Baystreet - Tue Feb 20, 6:01AM CST
After a two-year hiatus triggered by the historic oil price crash of 2020, the U.S. oil and gas sector saw a surge in mergers and acquisitions (M&A) in 2023 despite a general slowdown in deal-making in many sectors. Last year, the sector leveraged high stock prices and went on a $250 billion buying spree, mostly aimed at securing lower-cost reserves that will help them deal with future challenges.

Much of the activity was crammed into the fourth quarter with Enverus Intelligence Research (EIR), a subsidiary of Enverus, reporting that Q4 recorded a massive $144 billion in upstream M&A. During the quarter, U.S. oil majors Exxon Mobil Corp. (NYSE:XOM), Chevron Corp. (NYSE:CVX) and Occidental Petroleum (NYSE:OXY) struck deals worth a combined $125 billion to acquire low-cost oilfields with breakeven oil price in the $25 to $35 per barrel range.

Merger mania has now hit high gear: Midland, Tex.-based Diamondback Energy, Inc. (NASDAQ:FANG) recently agreed to buy privately held Permian producer Endeavor Energy Resources in a cash and stock deal valued at $26 billion. What’s impressive here is that Diamondback Energy is only valued at $31.8B (market cap). Interestingly, FANG shares have jumped more than 10% after the deal was announced nearly a week ago, meaning the market views it favorably. Stock prices of the acquiring company, more often than not, tend to go down as the company has to pay a premium coupled with the high risk of failure (Harvard Business Review estimates 70% to 90% of corporate mergers fail).

A similar trend was observed in Canada’s oil patch where energy and power M&A hit a five-year high of $70.4 billion, up 56% from the previous year. However, another notable trend stood out: Canadian mid-tier producers Tourmaline Oil Corp. (OTCPK:TRMLF), Peyto Exploration & Development Corp. (OTCPK:PEYUF), Baytex Energy Inc. (NYSE:BTE) and Crescent Point Energy Corp. (NYSE:CPG) all managed to close deals while Canada’s biggest producers including Canadian Natural Resources Ltd. (NYSE:CNQ), Suncor Energy Inc. (NYSE:SU), Cenovus Energy Inc. (NYSE:CVE) and Imperial Oil Ltd (NYSE:IMO) remained on the sidelines.

Experts are now predicting that it’s not very likely that Canada’s oil majors will continue sitting out the M&A wave since they are not immune from the factors driving consolidation, including investor fixation on growing operational scale and increasing reserves. Further, their balance sheets are in the best shape they’ve been in for years: For instance, Canada’s largest oil and gas producer by market capitalization, Canadian Natural Resources, returned $6.1-billion to shareholders in the first nine months of 2023 and has a target to return 100% of free cash flow to shareholders in the current year.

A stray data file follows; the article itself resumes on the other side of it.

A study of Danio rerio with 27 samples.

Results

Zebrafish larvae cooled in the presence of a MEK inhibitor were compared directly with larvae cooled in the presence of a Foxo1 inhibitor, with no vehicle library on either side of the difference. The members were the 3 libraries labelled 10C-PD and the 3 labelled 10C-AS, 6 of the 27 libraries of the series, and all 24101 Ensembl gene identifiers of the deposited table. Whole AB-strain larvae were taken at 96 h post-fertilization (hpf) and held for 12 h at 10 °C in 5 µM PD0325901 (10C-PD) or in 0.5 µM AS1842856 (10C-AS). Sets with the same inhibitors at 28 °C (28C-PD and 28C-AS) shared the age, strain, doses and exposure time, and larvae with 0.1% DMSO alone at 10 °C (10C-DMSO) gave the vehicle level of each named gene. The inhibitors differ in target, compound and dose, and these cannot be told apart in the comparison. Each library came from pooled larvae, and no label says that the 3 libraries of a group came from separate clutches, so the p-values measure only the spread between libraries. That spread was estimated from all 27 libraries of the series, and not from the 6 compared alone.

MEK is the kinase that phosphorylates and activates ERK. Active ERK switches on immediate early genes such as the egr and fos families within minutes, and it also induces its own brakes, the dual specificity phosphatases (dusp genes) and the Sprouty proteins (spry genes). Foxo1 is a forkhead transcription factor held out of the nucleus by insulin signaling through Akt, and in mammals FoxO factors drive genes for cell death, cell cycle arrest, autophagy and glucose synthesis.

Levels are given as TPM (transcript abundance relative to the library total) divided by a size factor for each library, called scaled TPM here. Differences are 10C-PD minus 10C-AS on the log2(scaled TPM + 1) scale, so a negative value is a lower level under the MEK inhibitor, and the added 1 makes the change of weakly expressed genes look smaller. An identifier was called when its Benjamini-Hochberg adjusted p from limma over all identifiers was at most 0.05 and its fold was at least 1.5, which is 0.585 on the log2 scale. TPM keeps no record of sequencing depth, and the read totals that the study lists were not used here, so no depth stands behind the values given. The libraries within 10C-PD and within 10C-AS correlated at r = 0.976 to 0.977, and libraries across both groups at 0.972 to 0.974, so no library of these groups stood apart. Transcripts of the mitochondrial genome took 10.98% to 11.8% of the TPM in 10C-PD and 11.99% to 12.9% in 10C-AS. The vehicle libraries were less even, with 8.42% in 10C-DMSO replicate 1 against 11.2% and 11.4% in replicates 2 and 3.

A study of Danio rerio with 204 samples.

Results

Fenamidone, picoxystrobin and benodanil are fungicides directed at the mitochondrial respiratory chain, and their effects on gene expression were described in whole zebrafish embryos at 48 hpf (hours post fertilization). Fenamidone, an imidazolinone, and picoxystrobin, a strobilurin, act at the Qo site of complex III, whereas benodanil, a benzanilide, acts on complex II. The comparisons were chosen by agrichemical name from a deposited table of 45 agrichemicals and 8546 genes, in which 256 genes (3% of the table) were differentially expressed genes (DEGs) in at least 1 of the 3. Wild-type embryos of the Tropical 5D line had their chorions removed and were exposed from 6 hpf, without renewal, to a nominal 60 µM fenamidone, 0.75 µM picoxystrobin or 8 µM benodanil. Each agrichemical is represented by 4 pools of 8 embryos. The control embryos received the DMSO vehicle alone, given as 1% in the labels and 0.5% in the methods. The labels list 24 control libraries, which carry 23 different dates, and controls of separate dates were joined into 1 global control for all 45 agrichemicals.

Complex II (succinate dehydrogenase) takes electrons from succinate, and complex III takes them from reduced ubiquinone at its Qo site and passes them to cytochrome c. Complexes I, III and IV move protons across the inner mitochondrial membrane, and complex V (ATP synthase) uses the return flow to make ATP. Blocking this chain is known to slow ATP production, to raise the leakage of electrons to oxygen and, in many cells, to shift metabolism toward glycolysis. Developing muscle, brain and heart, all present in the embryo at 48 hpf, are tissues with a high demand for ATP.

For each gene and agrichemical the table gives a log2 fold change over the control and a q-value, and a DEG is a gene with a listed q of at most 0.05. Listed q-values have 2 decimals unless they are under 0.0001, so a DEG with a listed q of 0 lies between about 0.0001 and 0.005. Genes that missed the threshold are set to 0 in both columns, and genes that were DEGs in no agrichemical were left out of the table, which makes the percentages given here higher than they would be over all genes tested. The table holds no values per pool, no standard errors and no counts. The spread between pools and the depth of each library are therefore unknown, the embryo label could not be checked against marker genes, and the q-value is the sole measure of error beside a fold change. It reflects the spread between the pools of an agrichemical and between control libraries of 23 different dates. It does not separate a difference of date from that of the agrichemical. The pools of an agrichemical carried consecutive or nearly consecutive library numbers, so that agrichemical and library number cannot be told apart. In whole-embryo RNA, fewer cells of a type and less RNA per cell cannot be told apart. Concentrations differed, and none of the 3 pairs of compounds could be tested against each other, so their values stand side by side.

Canada’s energy giants don’t have to forego their generous shareholder payouts in order to engage in strategic M&A; rather, they can borrow a leaf from Diamondback Energy which cut shareholder payout from over 75% to a more reasonable 50% in a move that freed up enough cash to make the Endeavor Energy acquisition possible. And, just like their U.S. peers, shares of Canada’s oil and gas majors have enjoyed a very productive period over the past few years, putting them in a better position to pay for mergers using stock.

Trans Mountain Pipeline Comes Online
Last year, global consulting firm Deloitte predicted that Canadian oil prices would rally after the Trans Mountain (TMX) pipeline began transporting crude for export. Well, Canadian producers are in luck because the long-delayed pipeline is set to begin filling with crude in the current month, marking a key step toward start-up. The bulk of the 890,000 barrel-a-day line will, however, be filled in March and last about 2-3 weeks. Linefill, typically the first stage of startup, includes moving the first batches of oil from shippers. The first tanker to carry Trans Mountain oil will load in Vancouver in April.

The start-up of the expansion--now 98 per cent complete--will triple the pipeline’s capacity and reshape oil flows across the Americas. It’s also expected to spur exports to Asia and likely ramp up production of Canadian oil. Conceived more than a decade ago, the project has been handicapped by massive cost runups with costs having quadrupled to nearly $31 billion.

By Alex Kimani for

Provided Content: Content provided by Baystreet. The Globe and Mail was not involved, and material was not reviewed prior to publication.